European Union narrows down border list, United States unlikely to make the cut

European Union envoys are close to finalizing a list of countries whose citizens will be allowed to enter Europe again, possibly from late next week, EU diplomats confirmed Saturday. Americans are almost certain to be excluded in the short term due to the number of U.S. coronavirus cases.

The envoys were expected to have narrowed down later Saturday the exact criteria for countries to make the list, which include the way the spread of the virus is being managed. Another key condition is whether the country has a ban on citizens from European nations.

The number of cases in the United States has surged over the past week, with an all-time high of 45,300 confirmed new daily infections just reached. President Donald Trump also suspended the entry of all people from Europe’s ID check-free travel zone in a decree in March.

The EU diplomats confirmed that an official agreement on the criteria — likely to include a limit on the infection rate per 100,000 citizens — is expected late on Monday or early Tuesday. The diplomats spoke on condition of anonymity because the procedure is ongoing and politically very sensitive.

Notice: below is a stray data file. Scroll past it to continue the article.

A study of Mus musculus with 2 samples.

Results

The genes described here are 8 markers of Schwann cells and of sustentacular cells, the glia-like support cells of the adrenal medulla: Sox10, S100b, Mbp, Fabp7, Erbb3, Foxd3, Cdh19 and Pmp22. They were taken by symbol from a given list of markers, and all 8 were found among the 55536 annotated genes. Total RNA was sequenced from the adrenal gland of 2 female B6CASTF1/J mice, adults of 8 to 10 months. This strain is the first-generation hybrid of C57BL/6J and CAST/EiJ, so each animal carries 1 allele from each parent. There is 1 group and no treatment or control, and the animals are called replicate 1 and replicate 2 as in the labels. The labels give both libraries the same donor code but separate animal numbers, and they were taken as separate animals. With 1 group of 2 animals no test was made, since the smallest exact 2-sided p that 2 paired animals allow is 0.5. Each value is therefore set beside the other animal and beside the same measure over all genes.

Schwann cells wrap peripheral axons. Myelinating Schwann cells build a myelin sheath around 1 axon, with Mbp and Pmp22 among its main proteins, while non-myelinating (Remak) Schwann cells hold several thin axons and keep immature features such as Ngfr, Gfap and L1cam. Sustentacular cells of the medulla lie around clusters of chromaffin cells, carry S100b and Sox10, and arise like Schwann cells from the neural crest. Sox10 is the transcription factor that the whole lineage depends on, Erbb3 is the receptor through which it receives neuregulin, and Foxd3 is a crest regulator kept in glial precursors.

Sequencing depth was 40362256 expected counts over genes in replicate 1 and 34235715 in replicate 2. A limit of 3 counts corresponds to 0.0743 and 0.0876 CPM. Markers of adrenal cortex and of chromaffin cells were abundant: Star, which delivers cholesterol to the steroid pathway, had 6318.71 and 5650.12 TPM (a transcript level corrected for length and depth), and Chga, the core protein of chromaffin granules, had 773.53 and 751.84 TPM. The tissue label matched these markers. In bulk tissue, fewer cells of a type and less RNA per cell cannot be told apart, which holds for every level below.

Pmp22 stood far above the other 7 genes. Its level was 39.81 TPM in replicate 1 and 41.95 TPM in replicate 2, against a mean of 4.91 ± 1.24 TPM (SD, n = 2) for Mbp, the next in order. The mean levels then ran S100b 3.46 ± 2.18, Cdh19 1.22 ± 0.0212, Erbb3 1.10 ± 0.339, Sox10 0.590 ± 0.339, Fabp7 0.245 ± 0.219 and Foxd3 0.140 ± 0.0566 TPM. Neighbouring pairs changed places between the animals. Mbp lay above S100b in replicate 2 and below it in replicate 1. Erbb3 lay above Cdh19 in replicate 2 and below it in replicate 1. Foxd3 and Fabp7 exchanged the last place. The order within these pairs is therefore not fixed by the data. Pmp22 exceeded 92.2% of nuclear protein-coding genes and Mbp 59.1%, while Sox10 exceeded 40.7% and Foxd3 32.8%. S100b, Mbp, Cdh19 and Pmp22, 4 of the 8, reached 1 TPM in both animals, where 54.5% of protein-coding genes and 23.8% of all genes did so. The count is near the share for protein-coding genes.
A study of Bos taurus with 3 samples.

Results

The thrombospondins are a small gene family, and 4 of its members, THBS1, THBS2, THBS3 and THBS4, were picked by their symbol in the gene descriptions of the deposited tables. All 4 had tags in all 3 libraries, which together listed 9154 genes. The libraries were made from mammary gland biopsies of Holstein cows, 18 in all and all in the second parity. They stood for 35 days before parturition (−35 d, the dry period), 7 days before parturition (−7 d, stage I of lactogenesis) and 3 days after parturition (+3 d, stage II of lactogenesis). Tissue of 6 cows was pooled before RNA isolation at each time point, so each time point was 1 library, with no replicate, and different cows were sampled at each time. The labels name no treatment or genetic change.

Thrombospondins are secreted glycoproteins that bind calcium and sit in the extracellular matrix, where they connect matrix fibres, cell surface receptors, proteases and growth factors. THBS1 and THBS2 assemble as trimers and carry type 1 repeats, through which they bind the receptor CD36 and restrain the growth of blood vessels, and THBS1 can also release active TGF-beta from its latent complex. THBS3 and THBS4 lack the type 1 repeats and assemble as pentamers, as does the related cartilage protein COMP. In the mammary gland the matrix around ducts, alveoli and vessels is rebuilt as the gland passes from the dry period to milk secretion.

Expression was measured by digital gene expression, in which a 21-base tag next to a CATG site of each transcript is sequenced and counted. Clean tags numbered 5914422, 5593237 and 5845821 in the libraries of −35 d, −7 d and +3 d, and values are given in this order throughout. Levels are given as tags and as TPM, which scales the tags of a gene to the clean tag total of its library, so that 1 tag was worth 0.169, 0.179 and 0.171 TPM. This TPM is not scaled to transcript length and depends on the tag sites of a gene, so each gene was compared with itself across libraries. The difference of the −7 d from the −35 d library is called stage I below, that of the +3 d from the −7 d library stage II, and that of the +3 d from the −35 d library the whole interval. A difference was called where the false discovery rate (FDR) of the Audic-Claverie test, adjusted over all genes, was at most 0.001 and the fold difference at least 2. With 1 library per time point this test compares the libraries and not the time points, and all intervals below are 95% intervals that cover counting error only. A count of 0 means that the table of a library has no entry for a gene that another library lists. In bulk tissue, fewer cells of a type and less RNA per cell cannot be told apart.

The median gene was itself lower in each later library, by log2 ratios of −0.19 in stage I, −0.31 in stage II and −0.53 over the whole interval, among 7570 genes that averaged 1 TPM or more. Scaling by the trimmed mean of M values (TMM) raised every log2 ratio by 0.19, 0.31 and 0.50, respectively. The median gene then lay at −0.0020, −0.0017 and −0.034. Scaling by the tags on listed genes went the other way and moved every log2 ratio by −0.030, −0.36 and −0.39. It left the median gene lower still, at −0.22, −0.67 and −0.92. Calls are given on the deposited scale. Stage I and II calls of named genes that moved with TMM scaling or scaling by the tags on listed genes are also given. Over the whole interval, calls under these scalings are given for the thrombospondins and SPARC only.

Infection rates are high in Brazil, India and Russia, and it’s unlikely the EU will let their citizens in, either. The list would be updated every 14 days, with new countries added and some possibly being left off based on how they manage the spread of the virus.

More than 15 million Americans are estimated to travel to Europe annually, and any delay would be a further blow to virus-ravaged economies and tourism sectors, both in Europe and the United States. Around 10 million Europeans are thought to cross the Atlantic for vacations and business each year.

The 27 EU nations and four other countries that are part of Europe’s “Schengen area” — a 26-nation bloc where goods and people move freely without document checks — appear on track to reopen their borders between each other by July 1.